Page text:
They started in Ely, Minn., a town Kuralt particularly favored and frequently mentioned, and in two months, drove 12,000 miles before returning home to North Carolina.
Scoggins still loves to hit the road and considers travel one of the nice extras that comes with being a standup comedian. Occasionally, her husband will come along.
She said, "He likes to go to Florida with me in January. I used to go to the Bahamas every year, and he liked going for that one. He usually wants to go to the cool gigs. He doesn't want to go to Toledo, necessarily."
It might take a particular kind of person to appreciate Toledo, perhaps, but Scoggins doesn't mind. Different cities mean different people and different ideas. She likes traveling by motorcycle and by car. Flying is fine, too, but she's less enthusiastic about cruise ships.
"A lot of my friends who've been doing comedy as long as I have, who don't have television [exposure] get frustrated and do them," she said. "They think their career isn't moving fast enough and they turn to the cruise ships."
It's not all bad, she acknowledged.
"They pay a lot," Scoggins said. "They take care of everything. They fly you to the boat. They feed you. You have no expenses and you do, like, three shows a day. Easy."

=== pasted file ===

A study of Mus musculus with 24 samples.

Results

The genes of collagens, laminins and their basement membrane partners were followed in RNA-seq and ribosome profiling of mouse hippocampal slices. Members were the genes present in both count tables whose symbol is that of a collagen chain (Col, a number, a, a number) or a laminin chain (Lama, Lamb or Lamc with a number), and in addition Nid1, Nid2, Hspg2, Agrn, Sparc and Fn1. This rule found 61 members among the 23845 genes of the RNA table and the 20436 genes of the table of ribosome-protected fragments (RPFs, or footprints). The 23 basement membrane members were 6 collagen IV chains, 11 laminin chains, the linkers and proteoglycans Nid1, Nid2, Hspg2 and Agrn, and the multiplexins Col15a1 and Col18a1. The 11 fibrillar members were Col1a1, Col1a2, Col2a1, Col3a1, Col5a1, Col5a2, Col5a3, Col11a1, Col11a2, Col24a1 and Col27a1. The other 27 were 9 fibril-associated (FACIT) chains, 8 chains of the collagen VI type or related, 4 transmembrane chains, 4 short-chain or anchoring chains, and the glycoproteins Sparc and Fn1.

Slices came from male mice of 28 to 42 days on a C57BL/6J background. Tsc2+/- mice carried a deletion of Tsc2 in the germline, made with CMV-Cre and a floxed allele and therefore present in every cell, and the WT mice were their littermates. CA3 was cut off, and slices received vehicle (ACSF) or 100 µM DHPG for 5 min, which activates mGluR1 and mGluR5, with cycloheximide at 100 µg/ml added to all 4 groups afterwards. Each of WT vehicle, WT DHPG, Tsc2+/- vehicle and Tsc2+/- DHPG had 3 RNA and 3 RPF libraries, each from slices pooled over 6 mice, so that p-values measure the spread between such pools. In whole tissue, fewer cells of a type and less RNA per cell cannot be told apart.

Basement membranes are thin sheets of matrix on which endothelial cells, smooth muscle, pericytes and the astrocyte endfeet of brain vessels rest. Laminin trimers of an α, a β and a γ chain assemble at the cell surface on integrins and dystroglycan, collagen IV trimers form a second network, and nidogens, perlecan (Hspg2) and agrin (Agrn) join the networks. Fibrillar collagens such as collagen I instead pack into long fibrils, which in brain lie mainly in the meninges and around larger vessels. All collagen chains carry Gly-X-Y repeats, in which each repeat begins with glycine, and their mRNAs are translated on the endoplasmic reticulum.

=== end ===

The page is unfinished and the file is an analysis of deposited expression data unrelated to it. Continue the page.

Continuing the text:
The problem is cruises are vacations. The audiences aren't necessarily there to see the performers. It's a nice extra, but probably not the reason why they booked the trip.
"So people come home from the cruise, and they say that comedian was hysterical."
Their friends ask, "Well, who was it?" And the people from the cruise say, "I don't know."
The joys and pains of travel figure into Scoggins' comedy. She frequently talks about getting to wherever she's performing, where she's staying and sometimes what happened the last time she was in town.
Over the phone, she tried to remember something about West Virginia.
"I went to Jesco White's house once," she said. "Yeah, I went up in the holler."
She groaned, remembering.
"But that's not really funny." She laughed. "That was kind of serious."
And mostly off the record.
Reach Bill Lynch at ly...@wvgazette.com or 304-348-5195.